CINCINNATI -- Cincinnati police guns are ending up on the street in private sales between complete strangers with few questions asked.
The I-Team was able to buy one of the department’s former weapons from a stranger in a parking lot, and caught the whole thing on hidden cameras, which you can watch in the video player above.
Chief investigator Brendan Keefe purchased a Smith & Wesson 9mm with “Cincinnati PD” etched into the slide for $400 in cash after coordinating the sale via the Internet. The man the I-Team bought the gun from said he was a teacher, and he even brought some of his students to spectate the gun deal. The seller also happens to be a retired police officer.
The seller, who had no idea he was selling the semi-automatic handgun to an investigative reporter, never asked Keefe for a name or identification before offering him the weapon.
The teacher asked only one question during the transaction.
“You’re legal to own, no domestic, no felony, anything like that?” the seller asked.
"Well yeah, I'm glad you asked. These days you'd have no way of knowing in a private party sale, right?" Keefe responded.
The seller had nothing but our word to go on.
We’re not identifying the seller because the gun deal between strangers in a parking lot, in broad daylight, with no background check is perfectly legal in Ohio.
When asked where he got the firearm, the seller admitted he picked up the gun as a recycled weapon from the Cincinnati Police Department.
The I-Team tracked the serial number of the gun we bought to the Cincinnati police target range.
So how did a pistol used to train police officers end up for sale on the web?
Every year, Cincinnati officers take about 1,000 guns off the street, but this year they’re also putting more than 1,000 police guns in private hands as a result of a deal the city was offered to receive free guns.
Smith & Wesson traded its newest model for the police department’s 6-year-old M&P pistols.
The old pistols not purchased by officers for their personal collections were liquidated by Smith & Wesson through a local dealer, who is a retired CPD sergeant selling the guns out of his Blue Ash home. Because the dealer has a federal firearms license, he conducts the required background checks when selling the guns, even to officers who choose to buy back their own weapon.
During the I-Team’s parking lot gun buy, two former police guns were offered as choices. These private-party sales are not regulated and no background check is required by Ohio law.
"Nobody wants to be the mayor or the police chief that has to explain how one of their firearms was used in a murder," Ohio State Representative John Becker said of the sales.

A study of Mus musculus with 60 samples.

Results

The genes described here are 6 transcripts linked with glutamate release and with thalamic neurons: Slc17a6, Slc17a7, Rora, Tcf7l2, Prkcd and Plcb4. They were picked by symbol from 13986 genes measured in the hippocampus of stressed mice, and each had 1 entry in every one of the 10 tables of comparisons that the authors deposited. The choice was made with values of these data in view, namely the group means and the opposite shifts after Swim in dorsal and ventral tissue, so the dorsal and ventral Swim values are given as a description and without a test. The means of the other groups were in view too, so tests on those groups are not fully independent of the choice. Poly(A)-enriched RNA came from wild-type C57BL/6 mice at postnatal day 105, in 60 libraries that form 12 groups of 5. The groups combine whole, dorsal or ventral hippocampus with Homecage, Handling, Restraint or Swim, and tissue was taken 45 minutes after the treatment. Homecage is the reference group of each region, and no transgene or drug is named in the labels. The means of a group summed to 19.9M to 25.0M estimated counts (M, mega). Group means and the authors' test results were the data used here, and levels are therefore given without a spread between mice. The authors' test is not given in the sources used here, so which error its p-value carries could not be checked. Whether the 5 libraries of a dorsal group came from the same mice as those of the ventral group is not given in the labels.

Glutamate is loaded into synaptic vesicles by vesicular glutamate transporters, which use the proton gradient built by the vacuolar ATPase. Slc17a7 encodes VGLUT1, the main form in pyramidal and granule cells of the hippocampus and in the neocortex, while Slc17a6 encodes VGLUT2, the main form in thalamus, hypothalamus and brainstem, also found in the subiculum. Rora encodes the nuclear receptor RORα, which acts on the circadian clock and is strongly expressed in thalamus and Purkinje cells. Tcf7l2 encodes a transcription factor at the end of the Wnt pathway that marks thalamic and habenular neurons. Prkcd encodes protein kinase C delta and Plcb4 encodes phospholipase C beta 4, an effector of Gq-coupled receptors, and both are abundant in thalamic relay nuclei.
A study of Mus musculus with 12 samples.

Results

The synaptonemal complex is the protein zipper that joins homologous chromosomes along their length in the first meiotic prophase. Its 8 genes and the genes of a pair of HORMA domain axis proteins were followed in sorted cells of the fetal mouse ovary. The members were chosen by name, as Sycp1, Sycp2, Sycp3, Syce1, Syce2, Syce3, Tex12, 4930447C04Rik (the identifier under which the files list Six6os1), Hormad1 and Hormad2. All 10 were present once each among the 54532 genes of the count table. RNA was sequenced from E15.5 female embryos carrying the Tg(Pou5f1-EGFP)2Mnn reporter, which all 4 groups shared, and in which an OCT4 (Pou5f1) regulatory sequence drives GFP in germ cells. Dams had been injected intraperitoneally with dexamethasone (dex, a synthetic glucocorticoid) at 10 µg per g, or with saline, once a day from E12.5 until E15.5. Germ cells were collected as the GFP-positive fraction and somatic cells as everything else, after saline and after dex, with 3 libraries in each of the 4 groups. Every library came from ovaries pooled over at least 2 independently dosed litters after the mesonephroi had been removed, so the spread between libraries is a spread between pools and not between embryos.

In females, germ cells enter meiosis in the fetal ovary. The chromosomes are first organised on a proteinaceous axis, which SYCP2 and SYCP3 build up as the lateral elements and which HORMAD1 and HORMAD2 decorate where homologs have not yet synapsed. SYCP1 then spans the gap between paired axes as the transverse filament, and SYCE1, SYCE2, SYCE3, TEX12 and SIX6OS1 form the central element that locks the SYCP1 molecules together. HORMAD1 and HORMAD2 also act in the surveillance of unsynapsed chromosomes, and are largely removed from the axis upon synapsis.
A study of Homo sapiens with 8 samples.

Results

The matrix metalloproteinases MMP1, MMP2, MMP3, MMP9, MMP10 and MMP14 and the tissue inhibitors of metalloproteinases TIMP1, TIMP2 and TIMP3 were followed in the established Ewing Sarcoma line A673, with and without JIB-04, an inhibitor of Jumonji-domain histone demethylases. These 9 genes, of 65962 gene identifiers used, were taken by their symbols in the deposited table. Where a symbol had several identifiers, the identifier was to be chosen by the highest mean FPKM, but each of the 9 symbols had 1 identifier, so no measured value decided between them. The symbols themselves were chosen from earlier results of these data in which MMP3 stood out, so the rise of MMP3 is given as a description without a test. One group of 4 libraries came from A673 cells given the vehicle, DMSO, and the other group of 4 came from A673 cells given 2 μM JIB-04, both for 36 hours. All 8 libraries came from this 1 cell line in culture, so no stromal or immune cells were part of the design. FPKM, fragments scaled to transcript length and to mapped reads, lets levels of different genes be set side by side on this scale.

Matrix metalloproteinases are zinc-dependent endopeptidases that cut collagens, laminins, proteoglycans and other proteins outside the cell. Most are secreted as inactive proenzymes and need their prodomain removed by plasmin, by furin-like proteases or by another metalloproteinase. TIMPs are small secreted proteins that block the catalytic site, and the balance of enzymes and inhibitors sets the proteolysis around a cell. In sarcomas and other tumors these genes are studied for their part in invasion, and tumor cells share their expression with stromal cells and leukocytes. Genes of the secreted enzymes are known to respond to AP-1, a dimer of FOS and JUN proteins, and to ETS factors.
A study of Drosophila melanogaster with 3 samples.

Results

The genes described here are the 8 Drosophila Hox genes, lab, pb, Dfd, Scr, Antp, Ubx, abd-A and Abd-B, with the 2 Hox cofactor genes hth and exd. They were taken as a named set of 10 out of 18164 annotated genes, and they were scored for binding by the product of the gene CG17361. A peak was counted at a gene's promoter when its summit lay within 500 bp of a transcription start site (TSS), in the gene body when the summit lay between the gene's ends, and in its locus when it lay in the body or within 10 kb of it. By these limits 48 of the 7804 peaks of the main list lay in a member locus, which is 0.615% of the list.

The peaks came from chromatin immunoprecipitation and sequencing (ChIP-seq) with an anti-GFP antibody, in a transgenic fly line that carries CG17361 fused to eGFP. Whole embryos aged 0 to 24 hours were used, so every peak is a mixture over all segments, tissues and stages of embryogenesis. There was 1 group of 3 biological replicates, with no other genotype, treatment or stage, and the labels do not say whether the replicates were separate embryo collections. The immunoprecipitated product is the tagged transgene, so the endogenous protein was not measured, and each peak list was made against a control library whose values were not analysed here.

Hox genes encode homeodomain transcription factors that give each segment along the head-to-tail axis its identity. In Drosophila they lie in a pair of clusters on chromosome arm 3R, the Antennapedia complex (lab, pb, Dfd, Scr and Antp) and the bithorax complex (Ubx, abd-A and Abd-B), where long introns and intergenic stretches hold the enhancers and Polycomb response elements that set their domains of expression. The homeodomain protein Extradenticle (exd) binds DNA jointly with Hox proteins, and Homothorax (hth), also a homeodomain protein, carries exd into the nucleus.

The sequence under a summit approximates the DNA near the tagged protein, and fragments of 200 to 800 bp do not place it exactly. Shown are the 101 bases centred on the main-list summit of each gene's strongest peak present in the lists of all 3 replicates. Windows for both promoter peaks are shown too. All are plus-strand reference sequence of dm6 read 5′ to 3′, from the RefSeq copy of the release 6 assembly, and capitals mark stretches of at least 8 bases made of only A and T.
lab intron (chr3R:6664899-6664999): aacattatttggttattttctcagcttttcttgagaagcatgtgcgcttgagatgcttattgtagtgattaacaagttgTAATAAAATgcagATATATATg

State Representative Becker said he understands the risks, but he’s not only in favor of the city’s free gun swap, he wants to go one step further. Becker is the author of House Bill 210, which would require Ohio police departments to sell all their guns to firearms dealers, even guns turned in or used in a crime.
"If you're willing to have the used service weapons of officers beings sold to the general public, why not these others weapons that are confiscated?" said State Rep. Becker.
House Bill 210 is now in committee in Columbus, and the bill has seven co-sponsors. A similar law has already passed in Arizona.
"To me it's just a real shame to see those perfectly good firearms get sent to the scrap heap," Becker said.
Protestors attending a gun control rally at Fountain Square in August had no idea that guns strapped to the hips of officers protecting them could end up in the hands of criminals.
Carlee Soto, the sister of a victim in the Newtown elementary school shooting, was in attendance at the rally. Soto said she is wary of CPD’s process.
“Why should people be able to buy guns that a police officer uses without a background check?” Soto said.
In 2007 and again in 2013, more than 1,000 guns ended up in private hands, with no way of knowing how many will end up on the street.
Convicted heroin dealer Damon Weathington was found with a Cincinnati Police Department 9mm when he sold drugs to an informant near an elementary school.
The gun had been stolen from an officer’s car, but the felon could have bought a police gun from a stranger just like the I-Team did. It’s illegal for felons to buy guns, but the seller would have no way of knowing the buyer’s criminal history.
Are there more former Cincinnati police guns ending up with suspects of crimes?
We may never know because Cincinnati police does not track information on where their guns end up, noting in a document request on the firearms swap that
there is nothing in the records to “identify law enforcement guns.”
Neither Smith & Wesson nor Cincinnati police would talk with the I-Team about their gun trade agreement, despite the fact that it saved taxpayers almost $500,000 this year.
Former Cincinnati Police Chief James Craig personally signed the deal with Smith & Wesson at the same time that he was publicly criticizing unregulated private party gun sales, the same kind that allowed the I-Team to buy the police gun.
"…these flea markets and gun shows that anybody can walk in and buy a weapon. I struggle with that,” Police Chief James Craig told 9 On Your Side earlier this year. “I struggle with it because who are we selling handguns to? What about the mentally ill?"
Becker says just as old police cruisers are sold to the public, he says guns are an asset worth selling, no matter the risk.
"An old Crown (Victoria) that used to be owned by the department could be used to run over a police officer and kill him, the same way it is possible for a firearm to be done, to be used the same way," State Rep. Becker said.
WCPO is turning over the gun purchased on the street to a local sheriff who will check it out to see if it has been used in a crime and destroy it because the parent company of WCPO has no interest in keeping it, but doesn't want to sell it.